Smart-grid initiatives are taking the form of many different partnerships including product improvements, standards development and demonstration projects that are designed to improve reliability and efficiency, and ease the integration of network capabilities into smart-grid networks.
As an example, smart-grid solution provider Trilliant Inc. is integrating its UnitySuite of smart-grid management software with IBM’s WebSphere application server capabilities and Tivoli products to help utility companies expand their smart-grid initiatives.
The WebSphere Enterprise Services Bus capabilities simplifies and enhances the integration of smart-grid network capabilities into utility enterprise grid networks, while the Tivoli components delivers a new level of enterprise event management, real-time system visibility, enterprise dashboards, automatic diagnostics and notification, said Trilliant.
Trilliant and IBM will also partner on joint solution architecture development and integrated solution offerings for the global utility market, as well as cooperate on industry standards development.
To help define transaction standards for the smart grid, OASIS, an international open standards consortium, has formed a new committee that will develop Web services-based information and communication models for exchanging energy pricing, reliability and emergency signals, reports Renew Grid.
The OASIS Energy Interoperation Technical Committee will base its work on the Open Automated Demand Response Communication Standards (OpenADR), donated by Lawrence Berkeley National Laboratory’s Demand Response Research Center (DRRC), according to the article. Participants include IBM, Microsoft, Cisco, CPower, EnerNOC, Google, Grid Net, and the U.S. National Institute of Standards and Technology.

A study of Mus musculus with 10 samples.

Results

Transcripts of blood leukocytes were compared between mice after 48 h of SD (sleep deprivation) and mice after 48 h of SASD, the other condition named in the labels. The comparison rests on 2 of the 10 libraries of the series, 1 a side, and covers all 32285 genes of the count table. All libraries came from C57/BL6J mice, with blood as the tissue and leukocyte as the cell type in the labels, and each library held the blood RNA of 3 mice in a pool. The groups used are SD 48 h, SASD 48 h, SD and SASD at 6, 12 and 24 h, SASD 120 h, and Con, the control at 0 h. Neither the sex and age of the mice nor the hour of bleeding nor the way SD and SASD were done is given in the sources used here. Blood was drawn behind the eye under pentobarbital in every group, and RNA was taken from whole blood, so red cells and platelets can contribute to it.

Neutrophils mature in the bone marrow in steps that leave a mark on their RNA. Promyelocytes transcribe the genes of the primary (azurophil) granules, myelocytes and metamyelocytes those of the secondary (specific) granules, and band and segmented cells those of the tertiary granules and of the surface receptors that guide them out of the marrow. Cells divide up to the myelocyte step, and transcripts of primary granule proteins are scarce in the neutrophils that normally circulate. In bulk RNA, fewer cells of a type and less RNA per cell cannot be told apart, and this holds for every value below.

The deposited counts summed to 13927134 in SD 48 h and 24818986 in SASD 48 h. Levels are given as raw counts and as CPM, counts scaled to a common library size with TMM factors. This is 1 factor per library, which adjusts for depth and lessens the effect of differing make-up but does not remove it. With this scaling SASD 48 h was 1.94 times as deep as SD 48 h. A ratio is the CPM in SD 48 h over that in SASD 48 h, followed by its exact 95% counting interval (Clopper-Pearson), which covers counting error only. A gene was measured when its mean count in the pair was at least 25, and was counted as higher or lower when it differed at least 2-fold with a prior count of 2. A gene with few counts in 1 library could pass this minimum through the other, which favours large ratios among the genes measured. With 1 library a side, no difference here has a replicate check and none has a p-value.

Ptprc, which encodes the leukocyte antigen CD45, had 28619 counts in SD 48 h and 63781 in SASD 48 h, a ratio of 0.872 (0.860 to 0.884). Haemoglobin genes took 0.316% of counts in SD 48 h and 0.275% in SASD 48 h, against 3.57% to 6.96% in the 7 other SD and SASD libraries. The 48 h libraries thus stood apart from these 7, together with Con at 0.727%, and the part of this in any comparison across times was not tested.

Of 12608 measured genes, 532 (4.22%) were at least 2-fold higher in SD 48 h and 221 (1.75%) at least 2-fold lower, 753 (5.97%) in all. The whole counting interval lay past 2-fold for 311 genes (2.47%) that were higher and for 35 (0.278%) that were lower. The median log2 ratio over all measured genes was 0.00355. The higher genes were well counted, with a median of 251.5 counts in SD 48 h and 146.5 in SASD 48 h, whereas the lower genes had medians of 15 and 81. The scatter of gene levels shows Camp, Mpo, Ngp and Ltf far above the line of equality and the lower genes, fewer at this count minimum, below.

To gather research data for future smart-grid development, more than a dozen Northwest energy-related companies have partnered to submit a bid to the U.S. Department of Energy for a $178-million, five-year smart grid project in five states, reports the Portland Business Journal.
Led by Columbus, Ohio-based Battelle Memorial Institute, which operates the Pacific Northwest National Laboratory, the partnership includes a dozen utilities in five Northwest states, including Portland General Electric and Portland-based Bonneville Power Administration, according to the newspaper.
The project involves more than 600,000 metered customers in Idaho, Montana, Oregon, Washington and Wyoming to study smart grid benefits at 15 test sites, reports the Portland Journal. Researchers told the newspaper they will use the data to study consumer behavior and to determine whether new technologies will modify consumer behavior.
Project participants will pay for half of the $178 million cost of the project, reports Renew Grid. The project is expected to employ 1,500 workers in manufacturing, installation and operating of smart-grid equipment.